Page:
Somewhere off the west coast of British Columbia wanders a whale—at least, his voice can be heard there. He appears to be alone.
Simply by eavesdropping, scientists have deduced a few details about this whale. He swims the cold waters of the North Pacific, probably in pursuit of food and love. In all likelihood, he is a baleen whale: a long, grey tanker with a pointed head and generous lower jaw. For food, he would chase clouds of plankton and tiny shrimp-like creatures called krill, gulping gallons of water into his mouth and pushing it all out through two long furry-looking plates sprouting from the roof of his mouth where one would expect teeth. These plates, called baleen, filter krill and other crustaceans out of the expelled water. Miraculously, these tiny creatures are all the sustenance this giant mammal needs to survive.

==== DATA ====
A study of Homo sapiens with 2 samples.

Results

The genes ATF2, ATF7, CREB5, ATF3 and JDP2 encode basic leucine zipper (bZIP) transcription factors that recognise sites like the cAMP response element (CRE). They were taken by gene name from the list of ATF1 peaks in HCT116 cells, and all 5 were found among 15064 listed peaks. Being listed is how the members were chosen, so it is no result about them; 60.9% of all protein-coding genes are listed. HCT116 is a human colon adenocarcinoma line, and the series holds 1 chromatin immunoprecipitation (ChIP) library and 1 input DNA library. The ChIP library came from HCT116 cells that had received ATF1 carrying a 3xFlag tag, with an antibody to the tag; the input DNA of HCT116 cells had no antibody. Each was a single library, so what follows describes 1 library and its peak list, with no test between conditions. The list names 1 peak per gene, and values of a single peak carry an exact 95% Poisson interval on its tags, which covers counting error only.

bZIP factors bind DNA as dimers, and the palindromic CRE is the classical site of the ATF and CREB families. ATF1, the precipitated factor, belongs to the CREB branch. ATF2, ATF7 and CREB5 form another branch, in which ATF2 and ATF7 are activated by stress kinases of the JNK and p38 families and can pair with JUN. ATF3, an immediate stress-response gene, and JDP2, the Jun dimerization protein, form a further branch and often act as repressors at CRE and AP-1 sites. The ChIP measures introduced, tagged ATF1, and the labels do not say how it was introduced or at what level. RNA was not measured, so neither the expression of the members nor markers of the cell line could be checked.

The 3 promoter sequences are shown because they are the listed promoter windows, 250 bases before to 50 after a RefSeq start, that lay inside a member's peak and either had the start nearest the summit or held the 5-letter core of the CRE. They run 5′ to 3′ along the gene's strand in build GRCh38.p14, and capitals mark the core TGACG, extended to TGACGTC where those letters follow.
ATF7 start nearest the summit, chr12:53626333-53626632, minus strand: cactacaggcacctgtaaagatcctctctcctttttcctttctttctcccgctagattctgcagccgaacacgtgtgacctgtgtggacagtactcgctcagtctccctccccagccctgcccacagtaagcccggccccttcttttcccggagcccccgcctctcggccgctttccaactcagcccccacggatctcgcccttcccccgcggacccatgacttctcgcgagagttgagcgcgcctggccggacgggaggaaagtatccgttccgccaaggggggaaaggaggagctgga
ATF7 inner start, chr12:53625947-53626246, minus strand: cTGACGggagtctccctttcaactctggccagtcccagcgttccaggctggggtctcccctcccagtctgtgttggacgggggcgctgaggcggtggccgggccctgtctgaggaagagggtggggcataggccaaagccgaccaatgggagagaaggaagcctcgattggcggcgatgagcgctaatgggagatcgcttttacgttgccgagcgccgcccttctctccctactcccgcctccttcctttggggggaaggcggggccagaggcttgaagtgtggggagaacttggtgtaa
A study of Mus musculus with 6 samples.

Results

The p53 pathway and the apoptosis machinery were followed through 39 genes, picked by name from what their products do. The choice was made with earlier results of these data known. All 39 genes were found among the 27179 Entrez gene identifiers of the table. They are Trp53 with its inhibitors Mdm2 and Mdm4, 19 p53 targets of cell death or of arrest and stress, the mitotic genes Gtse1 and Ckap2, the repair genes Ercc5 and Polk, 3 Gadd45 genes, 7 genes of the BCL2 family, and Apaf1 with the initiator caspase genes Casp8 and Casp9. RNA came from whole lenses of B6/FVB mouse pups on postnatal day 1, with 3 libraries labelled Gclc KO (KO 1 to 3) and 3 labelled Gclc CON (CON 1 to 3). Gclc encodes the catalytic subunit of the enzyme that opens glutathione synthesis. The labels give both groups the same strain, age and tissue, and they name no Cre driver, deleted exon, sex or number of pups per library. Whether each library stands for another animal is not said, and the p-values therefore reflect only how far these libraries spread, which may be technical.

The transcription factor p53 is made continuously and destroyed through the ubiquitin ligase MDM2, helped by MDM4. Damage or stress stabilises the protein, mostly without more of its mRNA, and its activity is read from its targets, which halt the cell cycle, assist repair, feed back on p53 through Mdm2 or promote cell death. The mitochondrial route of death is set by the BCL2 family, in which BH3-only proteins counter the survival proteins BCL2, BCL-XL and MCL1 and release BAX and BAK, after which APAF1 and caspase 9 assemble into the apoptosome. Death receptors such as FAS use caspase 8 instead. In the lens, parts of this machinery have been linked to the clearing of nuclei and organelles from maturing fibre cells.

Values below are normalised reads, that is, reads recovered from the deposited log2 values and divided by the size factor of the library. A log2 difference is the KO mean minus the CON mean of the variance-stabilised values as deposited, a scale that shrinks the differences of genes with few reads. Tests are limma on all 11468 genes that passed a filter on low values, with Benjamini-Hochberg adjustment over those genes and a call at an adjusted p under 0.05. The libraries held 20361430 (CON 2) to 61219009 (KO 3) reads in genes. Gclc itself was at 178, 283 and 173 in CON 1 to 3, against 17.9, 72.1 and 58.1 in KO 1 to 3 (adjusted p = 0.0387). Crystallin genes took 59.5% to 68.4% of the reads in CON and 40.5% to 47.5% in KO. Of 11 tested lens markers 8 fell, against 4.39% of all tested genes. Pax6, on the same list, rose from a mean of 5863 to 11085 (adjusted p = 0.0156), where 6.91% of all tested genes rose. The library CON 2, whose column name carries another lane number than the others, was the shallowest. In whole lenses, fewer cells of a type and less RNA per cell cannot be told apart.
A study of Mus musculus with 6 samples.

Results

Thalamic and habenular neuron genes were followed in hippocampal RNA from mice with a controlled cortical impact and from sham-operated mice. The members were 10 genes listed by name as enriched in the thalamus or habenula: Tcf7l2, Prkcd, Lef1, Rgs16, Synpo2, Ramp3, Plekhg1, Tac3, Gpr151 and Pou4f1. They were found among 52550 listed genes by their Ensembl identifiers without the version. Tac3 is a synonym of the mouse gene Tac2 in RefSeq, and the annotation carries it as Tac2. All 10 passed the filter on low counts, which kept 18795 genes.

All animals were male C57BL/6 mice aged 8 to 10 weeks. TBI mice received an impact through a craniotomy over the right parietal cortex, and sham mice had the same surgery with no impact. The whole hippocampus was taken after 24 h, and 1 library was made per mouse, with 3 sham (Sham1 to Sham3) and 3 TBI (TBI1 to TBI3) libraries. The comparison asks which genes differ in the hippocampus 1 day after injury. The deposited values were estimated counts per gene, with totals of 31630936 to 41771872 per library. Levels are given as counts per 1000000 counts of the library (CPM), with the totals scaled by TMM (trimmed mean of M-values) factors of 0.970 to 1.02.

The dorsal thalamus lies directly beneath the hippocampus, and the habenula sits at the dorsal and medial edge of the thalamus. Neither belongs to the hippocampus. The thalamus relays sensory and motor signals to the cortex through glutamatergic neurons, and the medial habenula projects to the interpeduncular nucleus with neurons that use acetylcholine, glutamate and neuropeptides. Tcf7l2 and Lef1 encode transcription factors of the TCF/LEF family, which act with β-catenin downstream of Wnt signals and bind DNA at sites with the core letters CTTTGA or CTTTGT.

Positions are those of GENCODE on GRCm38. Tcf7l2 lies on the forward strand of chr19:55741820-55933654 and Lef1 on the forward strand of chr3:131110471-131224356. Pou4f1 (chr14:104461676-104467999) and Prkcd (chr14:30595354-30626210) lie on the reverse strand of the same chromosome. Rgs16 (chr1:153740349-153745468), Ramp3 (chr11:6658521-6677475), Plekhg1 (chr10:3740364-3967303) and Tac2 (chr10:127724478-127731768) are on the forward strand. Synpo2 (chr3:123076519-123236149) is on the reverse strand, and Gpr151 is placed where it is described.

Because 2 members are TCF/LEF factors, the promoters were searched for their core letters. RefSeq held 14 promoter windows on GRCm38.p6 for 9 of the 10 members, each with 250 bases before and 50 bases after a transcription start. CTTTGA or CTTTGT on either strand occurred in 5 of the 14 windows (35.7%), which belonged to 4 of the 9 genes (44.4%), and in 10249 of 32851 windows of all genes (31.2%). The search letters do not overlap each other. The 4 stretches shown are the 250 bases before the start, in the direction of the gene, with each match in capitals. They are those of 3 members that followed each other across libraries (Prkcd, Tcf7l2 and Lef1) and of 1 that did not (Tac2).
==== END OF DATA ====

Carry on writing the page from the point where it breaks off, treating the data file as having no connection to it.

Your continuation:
The baleen whale suborder includes blue whales (above) and fin whales. 52 Hertz could be either. (Photo: Creative Commons)
For love, he calls out in long, low moans. Each intonation lasts anywhere from five to fifteen seconds, and he waits up to thirty seconds between each cry, taking ten minute breaks between each song. He will sing like this for hours. His voice carries for miles, and any females nearby would surely take note of his voice’s strength and range, the variety of his repertoire, the duration of his song. In the murky dark where a whale can barely see its own tail, the quality of these musical elements should prove that he is a worthy mate.
Despite his efforts, he receives no reply. Meet 52 Hertz: the loneliest whale in the world.